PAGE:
January 08, 2016
The Philadelphia Water Department has filed a rate change request of 11.7 percent in a bid to secure funding for critical infrastructure repairs to dozens of miles of aging water mains and sewers in the coming years.
The request, submitted to City Council and Philadelphia's independent Water Rate Board, would take effect at the beginning of July and would be phased in over a two-year period, raising the average residential bill by $8 per month, as shown in the table below.
With oversight of one of the oldest water systems in the United States, the department hopes to stem the alarming tide of water main breaks in recent years. Between July 2014 and July 2015, Philadelphia responded to 919 water main breaks across more than 3,000 miles of infrastructure, the highest total recorded in 20 years.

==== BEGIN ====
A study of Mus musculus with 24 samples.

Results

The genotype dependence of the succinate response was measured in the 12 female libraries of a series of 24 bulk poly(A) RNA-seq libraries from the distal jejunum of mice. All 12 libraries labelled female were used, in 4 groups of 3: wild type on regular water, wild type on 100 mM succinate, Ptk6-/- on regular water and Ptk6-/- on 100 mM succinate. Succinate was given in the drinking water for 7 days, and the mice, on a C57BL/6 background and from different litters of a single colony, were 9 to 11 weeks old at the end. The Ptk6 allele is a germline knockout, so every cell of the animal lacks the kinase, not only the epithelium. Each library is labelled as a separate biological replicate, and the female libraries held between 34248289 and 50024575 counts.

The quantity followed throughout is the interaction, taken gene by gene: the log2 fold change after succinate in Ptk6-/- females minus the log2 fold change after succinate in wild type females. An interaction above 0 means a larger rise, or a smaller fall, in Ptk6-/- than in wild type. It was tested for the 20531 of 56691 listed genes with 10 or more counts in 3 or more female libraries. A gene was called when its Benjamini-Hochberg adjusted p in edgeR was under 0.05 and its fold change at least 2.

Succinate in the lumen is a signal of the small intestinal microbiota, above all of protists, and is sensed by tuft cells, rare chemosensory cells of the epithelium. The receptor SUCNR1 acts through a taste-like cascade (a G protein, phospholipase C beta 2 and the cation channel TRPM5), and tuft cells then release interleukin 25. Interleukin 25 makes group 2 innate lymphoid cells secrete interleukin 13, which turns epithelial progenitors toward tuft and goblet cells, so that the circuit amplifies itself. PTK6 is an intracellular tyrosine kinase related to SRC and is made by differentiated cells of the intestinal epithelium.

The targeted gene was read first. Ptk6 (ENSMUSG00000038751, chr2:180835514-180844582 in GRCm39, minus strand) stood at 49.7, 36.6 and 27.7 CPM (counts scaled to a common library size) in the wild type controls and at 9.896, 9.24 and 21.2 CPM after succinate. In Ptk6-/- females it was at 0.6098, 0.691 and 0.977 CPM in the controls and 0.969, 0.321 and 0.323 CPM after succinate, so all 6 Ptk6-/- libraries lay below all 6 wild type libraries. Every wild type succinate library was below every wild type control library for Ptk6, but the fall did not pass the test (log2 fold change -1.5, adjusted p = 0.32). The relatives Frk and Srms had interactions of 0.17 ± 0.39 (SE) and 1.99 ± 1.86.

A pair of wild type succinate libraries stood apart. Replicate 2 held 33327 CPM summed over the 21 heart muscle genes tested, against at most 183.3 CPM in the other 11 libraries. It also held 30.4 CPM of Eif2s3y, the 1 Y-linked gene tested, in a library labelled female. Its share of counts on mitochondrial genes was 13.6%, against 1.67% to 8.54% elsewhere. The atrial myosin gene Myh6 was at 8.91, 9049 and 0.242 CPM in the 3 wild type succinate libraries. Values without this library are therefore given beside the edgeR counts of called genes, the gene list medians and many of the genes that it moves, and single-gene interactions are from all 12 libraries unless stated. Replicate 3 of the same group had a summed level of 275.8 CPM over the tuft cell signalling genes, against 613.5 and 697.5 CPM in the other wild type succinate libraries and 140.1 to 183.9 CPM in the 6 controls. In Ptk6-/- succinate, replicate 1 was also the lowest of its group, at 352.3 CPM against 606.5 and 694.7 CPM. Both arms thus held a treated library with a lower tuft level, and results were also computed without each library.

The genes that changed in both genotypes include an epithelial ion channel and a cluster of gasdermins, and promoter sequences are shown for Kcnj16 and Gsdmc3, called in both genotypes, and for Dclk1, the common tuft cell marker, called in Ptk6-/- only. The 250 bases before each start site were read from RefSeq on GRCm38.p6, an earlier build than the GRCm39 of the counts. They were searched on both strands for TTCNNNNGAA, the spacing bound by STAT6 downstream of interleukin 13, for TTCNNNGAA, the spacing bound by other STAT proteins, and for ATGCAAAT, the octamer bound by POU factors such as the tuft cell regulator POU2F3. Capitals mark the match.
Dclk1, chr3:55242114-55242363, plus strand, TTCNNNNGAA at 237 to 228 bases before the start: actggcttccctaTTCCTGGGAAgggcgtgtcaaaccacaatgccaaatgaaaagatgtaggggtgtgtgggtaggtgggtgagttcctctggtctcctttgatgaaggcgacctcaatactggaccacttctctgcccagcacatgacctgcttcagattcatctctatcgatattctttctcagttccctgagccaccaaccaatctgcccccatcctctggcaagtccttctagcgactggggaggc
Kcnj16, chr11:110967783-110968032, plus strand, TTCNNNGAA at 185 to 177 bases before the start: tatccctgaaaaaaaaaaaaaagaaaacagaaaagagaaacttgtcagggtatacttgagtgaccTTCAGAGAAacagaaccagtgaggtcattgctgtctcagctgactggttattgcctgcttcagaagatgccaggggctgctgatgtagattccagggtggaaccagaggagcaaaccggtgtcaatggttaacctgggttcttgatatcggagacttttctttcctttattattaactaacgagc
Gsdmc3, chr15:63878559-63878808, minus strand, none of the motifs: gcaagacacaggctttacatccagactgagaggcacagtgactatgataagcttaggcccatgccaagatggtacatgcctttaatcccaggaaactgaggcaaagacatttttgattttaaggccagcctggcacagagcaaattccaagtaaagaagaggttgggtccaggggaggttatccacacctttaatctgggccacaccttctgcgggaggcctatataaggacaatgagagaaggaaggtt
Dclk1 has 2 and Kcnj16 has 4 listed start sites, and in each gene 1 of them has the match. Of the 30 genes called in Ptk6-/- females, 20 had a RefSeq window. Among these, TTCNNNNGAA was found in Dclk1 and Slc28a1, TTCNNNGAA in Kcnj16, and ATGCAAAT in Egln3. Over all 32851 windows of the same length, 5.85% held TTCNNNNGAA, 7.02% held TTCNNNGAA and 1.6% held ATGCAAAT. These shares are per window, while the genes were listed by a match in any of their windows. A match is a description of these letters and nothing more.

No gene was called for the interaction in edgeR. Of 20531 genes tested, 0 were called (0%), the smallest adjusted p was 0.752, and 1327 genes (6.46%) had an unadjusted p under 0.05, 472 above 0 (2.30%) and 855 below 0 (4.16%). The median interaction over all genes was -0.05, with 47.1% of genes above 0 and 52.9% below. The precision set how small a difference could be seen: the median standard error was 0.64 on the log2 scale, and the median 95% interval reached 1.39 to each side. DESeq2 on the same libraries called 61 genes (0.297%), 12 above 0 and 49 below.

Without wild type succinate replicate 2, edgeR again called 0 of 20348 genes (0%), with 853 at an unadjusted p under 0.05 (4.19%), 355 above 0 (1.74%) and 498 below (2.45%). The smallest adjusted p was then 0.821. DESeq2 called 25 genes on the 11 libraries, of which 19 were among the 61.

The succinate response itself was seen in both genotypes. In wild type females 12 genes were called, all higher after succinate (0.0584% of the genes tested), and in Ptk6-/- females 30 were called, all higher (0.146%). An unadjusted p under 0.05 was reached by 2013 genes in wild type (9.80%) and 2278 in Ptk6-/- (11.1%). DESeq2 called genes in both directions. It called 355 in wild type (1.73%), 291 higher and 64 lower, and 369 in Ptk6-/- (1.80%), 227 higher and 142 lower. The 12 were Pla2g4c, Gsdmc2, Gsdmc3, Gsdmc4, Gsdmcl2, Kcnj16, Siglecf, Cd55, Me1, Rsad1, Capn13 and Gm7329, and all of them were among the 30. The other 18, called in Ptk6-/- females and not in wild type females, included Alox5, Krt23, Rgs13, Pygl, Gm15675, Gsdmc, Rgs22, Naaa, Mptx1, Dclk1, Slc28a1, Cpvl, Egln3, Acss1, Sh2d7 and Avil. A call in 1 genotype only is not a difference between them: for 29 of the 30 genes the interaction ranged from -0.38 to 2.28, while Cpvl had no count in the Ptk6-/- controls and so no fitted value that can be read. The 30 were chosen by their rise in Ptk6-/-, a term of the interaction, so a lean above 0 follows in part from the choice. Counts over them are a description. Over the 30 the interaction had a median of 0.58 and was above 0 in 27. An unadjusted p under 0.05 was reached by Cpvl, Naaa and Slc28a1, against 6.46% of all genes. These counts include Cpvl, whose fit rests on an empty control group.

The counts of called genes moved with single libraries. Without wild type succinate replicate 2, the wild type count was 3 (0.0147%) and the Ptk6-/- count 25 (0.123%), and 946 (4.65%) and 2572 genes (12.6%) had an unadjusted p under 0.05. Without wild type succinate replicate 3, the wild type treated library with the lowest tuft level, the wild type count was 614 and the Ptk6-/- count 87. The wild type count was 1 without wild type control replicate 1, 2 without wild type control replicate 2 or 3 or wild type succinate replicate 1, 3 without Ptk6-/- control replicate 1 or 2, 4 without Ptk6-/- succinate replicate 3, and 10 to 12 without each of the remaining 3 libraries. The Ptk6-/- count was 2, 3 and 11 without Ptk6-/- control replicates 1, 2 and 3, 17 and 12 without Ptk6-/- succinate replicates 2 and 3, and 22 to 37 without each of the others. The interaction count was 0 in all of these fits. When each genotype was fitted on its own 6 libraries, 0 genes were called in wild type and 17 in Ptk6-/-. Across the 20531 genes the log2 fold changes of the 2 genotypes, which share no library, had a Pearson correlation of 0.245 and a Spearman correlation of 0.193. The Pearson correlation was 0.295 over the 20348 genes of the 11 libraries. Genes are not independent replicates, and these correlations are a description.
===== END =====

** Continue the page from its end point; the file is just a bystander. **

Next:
In some instances, flooding from recent main breaks has displaced local residents for weeks at a time, costing the city millions of dollars in damage claims. The average water main in Philadelphia lasts about 70 years, placing a large parts of the city's infrastructure at the tail end of its lifespan.
The Water Department also says the rate change will ensure that Philadelphia saves on the cost of quality drinking water that surpasses state and federal standards. With improved infrastructure, better stormwater management and lower levels of pollution will benefit the environment, preserve the city's primary drinking water sources in the Delaware and Schuylkill Rivers and keep the cost of quality water at less than a penny per gallon.
In order to move forward, the request must be approved by City Council and the Water Rate Board, which was created through a vote to guarantee that all increases are fair and justified. Customers will have an opportunity to offer written statements by mail or speak at one of at least four public hearings to be held in advance of a final approval.